More Caution on US Preemptive Attacks after Iraq: Gates

WASHINGTON ~ The United States will likely be more cautious about launching a preemptive attack after the intelligence failures of the Iraq war, Defense Secretary Robert Gates said.

“The lessons learned with the failure to find the weapons of mass destruction and some of the other things that happened will make any future president very, very cautious about launching that kind of conflict or relying on intelligence,” Gates told PBS television in an interview on Wednesday.

He added any future president is “going to ask a lot of very hard questions and I think that hurdle is much higher today than it was six or seven years ago.”

Gates, a former director of the Central Intelligence Agency, said that stricter criteria would have to be met for possible preemptive military action.

“I think that the barrier, first of all, will be: ‘Are we going to be attacked here at home?’ As one of the thresholds,” he said.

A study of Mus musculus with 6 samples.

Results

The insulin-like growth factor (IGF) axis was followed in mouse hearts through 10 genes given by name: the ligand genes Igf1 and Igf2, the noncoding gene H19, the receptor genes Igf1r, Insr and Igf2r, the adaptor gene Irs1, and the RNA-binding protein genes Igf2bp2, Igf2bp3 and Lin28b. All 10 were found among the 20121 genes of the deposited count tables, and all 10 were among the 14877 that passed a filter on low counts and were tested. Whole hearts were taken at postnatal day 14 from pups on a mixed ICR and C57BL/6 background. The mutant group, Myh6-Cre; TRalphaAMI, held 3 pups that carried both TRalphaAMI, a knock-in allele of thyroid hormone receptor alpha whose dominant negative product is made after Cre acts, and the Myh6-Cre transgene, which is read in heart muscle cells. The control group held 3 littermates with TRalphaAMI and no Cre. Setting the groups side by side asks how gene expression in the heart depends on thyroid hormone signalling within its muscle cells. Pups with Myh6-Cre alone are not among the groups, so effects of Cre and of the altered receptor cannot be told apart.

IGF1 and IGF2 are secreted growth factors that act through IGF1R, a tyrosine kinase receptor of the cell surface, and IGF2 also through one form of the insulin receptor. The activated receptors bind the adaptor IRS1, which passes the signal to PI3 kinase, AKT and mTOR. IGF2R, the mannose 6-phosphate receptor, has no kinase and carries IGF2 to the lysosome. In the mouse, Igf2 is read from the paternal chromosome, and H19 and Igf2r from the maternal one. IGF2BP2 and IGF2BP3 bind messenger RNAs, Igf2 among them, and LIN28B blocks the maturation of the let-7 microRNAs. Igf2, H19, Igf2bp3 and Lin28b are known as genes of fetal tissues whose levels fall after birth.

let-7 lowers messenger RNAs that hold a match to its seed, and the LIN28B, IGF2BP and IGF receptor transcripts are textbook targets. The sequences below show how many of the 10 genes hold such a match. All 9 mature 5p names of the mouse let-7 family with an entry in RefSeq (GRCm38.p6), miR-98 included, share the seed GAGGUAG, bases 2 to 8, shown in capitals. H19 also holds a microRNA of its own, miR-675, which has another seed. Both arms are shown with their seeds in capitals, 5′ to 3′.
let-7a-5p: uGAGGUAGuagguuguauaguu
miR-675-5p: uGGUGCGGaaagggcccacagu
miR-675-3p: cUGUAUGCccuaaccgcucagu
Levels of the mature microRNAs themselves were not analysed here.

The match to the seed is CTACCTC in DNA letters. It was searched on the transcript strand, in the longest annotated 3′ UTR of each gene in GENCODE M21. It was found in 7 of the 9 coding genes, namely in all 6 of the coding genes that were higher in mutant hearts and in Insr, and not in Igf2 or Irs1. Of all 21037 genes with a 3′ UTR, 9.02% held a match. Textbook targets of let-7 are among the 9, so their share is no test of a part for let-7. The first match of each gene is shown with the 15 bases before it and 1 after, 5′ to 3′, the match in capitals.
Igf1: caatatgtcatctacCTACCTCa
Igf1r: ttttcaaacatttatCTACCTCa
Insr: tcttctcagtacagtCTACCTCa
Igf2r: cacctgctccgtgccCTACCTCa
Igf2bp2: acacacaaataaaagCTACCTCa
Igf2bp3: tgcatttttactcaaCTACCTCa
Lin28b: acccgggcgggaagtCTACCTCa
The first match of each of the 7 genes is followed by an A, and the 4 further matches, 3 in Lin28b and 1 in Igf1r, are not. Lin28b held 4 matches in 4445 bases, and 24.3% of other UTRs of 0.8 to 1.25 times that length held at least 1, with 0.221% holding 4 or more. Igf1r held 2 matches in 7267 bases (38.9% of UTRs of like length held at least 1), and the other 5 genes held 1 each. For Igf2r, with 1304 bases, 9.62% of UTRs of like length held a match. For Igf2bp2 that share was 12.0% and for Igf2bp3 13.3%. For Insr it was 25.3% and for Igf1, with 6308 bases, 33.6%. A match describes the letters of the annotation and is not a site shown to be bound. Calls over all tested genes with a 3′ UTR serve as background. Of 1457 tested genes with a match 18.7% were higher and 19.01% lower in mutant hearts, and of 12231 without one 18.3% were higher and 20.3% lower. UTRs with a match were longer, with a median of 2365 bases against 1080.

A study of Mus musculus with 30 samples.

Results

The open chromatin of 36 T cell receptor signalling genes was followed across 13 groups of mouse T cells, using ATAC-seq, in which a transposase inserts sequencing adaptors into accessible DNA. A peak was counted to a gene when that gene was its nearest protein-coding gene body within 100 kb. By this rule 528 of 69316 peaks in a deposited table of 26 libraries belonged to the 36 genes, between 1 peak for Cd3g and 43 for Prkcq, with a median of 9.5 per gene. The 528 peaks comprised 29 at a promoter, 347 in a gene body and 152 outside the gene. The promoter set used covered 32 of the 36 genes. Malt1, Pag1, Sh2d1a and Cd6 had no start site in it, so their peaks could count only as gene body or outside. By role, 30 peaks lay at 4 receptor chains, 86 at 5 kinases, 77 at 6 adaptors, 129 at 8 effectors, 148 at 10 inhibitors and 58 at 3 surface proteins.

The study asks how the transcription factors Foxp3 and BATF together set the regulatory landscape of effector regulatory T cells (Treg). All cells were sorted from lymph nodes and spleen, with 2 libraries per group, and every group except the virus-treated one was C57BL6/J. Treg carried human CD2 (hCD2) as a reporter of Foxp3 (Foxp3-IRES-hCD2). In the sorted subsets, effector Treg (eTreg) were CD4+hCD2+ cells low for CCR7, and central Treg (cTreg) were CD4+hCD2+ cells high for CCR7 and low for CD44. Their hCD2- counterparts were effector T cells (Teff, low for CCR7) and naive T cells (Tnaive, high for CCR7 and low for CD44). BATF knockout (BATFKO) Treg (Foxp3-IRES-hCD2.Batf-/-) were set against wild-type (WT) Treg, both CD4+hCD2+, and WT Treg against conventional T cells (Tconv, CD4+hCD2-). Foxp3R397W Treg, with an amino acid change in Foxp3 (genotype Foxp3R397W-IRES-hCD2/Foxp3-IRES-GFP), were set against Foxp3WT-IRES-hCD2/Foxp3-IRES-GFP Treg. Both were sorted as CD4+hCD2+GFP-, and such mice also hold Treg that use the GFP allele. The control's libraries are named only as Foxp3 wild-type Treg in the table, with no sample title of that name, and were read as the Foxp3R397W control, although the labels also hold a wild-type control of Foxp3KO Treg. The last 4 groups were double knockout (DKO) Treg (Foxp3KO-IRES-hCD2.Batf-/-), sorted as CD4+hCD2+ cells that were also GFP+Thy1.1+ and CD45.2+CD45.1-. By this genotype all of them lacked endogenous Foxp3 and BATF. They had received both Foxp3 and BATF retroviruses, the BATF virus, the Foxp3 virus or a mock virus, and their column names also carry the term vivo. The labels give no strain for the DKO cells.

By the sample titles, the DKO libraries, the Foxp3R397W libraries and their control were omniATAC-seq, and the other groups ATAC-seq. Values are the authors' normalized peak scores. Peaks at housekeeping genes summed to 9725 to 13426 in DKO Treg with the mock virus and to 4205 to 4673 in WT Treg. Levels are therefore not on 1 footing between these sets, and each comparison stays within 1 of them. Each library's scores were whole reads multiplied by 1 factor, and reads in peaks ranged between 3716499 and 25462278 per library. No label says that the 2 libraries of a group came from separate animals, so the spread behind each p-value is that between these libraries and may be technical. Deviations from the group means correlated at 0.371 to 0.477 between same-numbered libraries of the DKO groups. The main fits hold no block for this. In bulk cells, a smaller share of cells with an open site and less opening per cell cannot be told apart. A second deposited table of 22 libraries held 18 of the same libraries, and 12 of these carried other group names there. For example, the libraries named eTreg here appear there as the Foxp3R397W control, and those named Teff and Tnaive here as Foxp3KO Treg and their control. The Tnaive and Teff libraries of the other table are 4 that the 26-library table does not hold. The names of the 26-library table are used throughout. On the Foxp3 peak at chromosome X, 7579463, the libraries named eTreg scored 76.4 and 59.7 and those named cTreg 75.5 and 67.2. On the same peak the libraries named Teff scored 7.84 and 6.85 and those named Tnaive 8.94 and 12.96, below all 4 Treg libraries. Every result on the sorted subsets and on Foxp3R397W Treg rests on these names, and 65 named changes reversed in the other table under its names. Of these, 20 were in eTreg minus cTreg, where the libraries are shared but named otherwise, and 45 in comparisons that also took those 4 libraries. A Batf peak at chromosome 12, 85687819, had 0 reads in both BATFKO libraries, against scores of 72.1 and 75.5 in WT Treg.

“And then the quality of intelligence would be another.”

The Bush administration argued at the time that the 2003 US-led invasion of Iraq was vital because the regime’s alleged weapons of mass destruction posed an imminent threat. But no WMD stockpiles were found.

Gates also said the previous administration, which he joined in 2006 – long after the war in Iraq was launched – made a serious mistake in planning for what it believed would be a short conflict.

“I think most people would agree that there was clearly inadequate planning for the situation not turning out that way and for us to be involved for a protracted period of time,” he said.

“And I think that was one of the biggest mistakes that was made. I think we just didn’t anticipate at the time that this could be a protracted counterinsurgency kind of challenge and it clearly turned out to be that.”